Watch | Indian Railways and private operators


Why have Indian Railways opened doors for private players?
In vision to expand and modernise the sector, ensuring better services to passengers.

The story so far: Indian Railways has launched the process of opening up train operations to private entities on 109 origin-destination(OD) pairs of routes using 151 modern trains. It has invited Request for Qualifications proposals, for scrutiny of vendor capabilities, from those who can bring modern trains for operations on existing rail infrastructure. At present, scheduled passenger train services remain paralysed during the COVID-19 pandemic, and various railways have been running only specials such as those for workers. Yet, the Railway Board has moved ahead with a long-pending plan, setting a tentative schedule for private train operations, expected to begin in 2023 and in 12 clusters. In December 2019, Union Railway Minister Piyush Goyal had said that a Group of Secretaries had gone into the question of allowing private train services. There was no proposal to allow more Tejas trains from Indian Railway Catering and Tourism Corporation Limited (IRCTC), the Minister said. The IRCTC, in which the government is the majority shareholder, was given pilot Tejas operations in the New Delhi-Lucknow, and Mumbai-Ahmedabad sectors. These were the first trains allowed to be run by a ‘non-Railway’ operator. The present move takes another step towards competing passenger train operations, bringing new-generation trains and attracting investments of an estimated ₹30,000 crore.

What is the background to the decision?

Several committees have gone into the expansion and the modernisation of Indian Railways. In 2015, the expert panel chaired by Bibek Debroy constituted by the Ministry of Railways a year earlier, recommended that the way forward for the railways was “liberalisation and not privatisation” in order to allow entry of new operators “to encourage growth and improve services.” It also made it clear that a regulatory mechanism was a prerequisite to promote healthy competition and protect the interests of all stakeholders.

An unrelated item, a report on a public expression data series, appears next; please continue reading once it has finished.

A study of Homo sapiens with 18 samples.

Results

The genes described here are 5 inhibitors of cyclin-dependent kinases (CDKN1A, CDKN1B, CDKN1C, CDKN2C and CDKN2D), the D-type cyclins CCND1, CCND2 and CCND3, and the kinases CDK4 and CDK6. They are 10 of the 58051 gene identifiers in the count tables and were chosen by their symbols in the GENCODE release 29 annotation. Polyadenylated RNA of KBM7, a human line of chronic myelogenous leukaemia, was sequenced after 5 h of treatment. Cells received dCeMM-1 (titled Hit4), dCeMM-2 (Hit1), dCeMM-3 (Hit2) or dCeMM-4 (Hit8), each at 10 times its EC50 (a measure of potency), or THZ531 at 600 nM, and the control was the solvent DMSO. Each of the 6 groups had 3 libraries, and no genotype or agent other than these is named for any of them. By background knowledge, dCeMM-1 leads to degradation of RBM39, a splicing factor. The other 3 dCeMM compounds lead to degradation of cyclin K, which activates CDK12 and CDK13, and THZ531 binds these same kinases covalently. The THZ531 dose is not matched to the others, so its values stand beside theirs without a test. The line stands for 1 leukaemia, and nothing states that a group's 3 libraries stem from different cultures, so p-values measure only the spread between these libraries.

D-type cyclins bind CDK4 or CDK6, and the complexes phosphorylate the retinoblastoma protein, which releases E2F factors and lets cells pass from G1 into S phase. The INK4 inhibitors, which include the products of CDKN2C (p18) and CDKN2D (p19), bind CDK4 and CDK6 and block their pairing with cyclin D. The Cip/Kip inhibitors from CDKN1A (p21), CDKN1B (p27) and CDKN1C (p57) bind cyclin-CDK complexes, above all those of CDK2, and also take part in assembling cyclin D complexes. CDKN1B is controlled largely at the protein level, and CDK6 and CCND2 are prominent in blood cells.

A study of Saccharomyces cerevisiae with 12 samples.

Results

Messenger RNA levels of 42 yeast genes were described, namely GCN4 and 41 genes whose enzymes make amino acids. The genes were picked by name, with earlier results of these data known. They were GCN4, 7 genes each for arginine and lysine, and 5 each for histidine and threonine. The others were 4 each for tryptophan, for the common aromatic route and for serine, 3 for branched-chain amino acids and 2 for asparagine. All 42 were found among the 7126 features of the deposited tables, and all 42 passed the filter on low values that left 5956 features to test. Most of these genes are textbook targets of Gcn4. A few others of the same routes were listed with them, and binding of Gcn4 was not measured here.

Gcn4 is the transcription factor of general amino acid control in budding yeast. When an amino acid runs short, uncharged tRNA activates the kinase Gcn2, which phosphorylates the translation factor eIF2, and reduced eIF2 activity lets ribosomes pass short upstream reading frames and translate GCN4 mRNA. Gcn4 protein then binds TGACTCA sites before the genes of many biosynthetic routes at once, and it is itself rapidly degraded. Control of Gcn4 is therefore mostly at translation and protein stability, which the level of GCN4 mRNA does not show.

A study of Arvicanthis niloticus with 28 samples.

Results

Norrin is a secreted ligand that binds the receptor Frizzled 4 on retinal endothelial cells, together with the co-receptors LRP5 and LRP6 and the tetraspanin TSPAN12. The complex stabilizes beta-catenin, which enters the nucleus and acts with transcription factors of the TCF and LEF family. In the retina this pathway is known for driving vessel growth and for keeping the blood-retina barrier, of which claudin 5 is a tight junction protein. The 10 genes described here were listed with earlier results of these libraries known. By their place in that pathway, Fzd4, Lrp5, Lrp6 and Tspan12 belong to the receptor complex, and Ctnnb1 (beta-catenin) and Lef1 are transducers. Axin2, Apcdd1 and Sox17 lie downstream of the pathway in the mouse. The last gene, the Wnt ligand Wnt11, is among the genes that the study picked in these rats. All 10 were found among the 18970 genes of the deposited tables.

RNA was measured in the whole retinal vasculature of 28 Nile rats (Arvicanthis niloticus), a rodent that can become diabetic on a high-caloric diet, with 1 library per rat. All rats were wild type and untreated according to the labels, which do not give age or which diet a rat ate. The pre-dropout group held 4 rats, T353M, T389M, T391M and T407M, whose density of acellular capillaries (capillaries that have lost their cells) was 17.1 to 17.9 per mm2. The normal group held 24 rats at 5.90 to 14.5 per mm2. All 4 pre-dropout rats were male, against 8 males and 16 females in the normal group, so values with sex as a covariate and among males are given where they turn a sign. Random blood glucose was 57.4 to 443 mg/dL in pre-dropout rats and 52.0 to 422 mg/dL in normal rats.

Why is the move significant for Indian Railways?

For the Railways, one of the largest organisations in the country operating not just trains for passengers and freight, but also social institutions such as hospitals and schools, it represents a radical change. According to data maintained by the World Bank, in 2018 India had 68,443 route kilometres of railways. It is among the four largest rail networks in the world, along with the United States, China, and Russia, although every kilometer of track in India covers a geographical area much less than Germany, Russia, China, or Canada, indicating scope for expansion.

An analysis of passenger and freight operations in the Railways, taken note of by the Economic Survey and the erstwhile Planning Commission, showed that a steady shift to other modes of travel for both categories was affecting economic growth: by as much as 4.5% of GDP-equivalent. It was estimated that a one rupee push in the railway sector would have a forward linkage effect of increasing output in other sectors by ₹2.50. The Debroy committee found this significant to take the ‘Make in India’ objective forward. The panel also noted that passengers were willing to pay more if they had guaranteed and better quality of travel and ease of access. The move to augment capacity virtually overnight through private capital in train operations pursues this line of reasoning.

Is private train operations sustainable?

Train services operated by Indian Railways cover several classes of passengers, meeting the social service obligation to connect remote locations, and adopting the philosophy of cross-subsidy for passengers in low-cost trains through higher freight tariffs. In more recent years, it has focused on revenue generation through dynamic demand-based pricing.

Private operators are not expected to shoulder the burden of universal service norms and will focus on revenue. Even the first IRCTC-run trains have a higher cost of travel between Lucknow and Delhi than a Shatabdi train on the same route that almost matches it for speed. So private operators would have to raise the level of their offering even higher, to justify higher fares, and attract a segment of the population that is ready to pay for this difference. The government would have to explain that it has monetised its expensive fixed assets such as track, signalling and stations adequately for the taxpayer, who has paid for them.

The key piece in the scheme is the independent regulator, recommended by expert committees. Before the pandemic struck, the Government of India said in the Lok Sabha in March that it had notified the resolution to set up a Rail Development Authority as a “recommendatory/advisory” body, advising the government on, among other things, promoting competition, efficiency and economy, and protecting consumer interests. Private rail operations can thus be seen as a government-led pilot plan, not a full programme for unbundling of the monolithic Indian Railways, although the more attractive parts are being opened for private exploitation.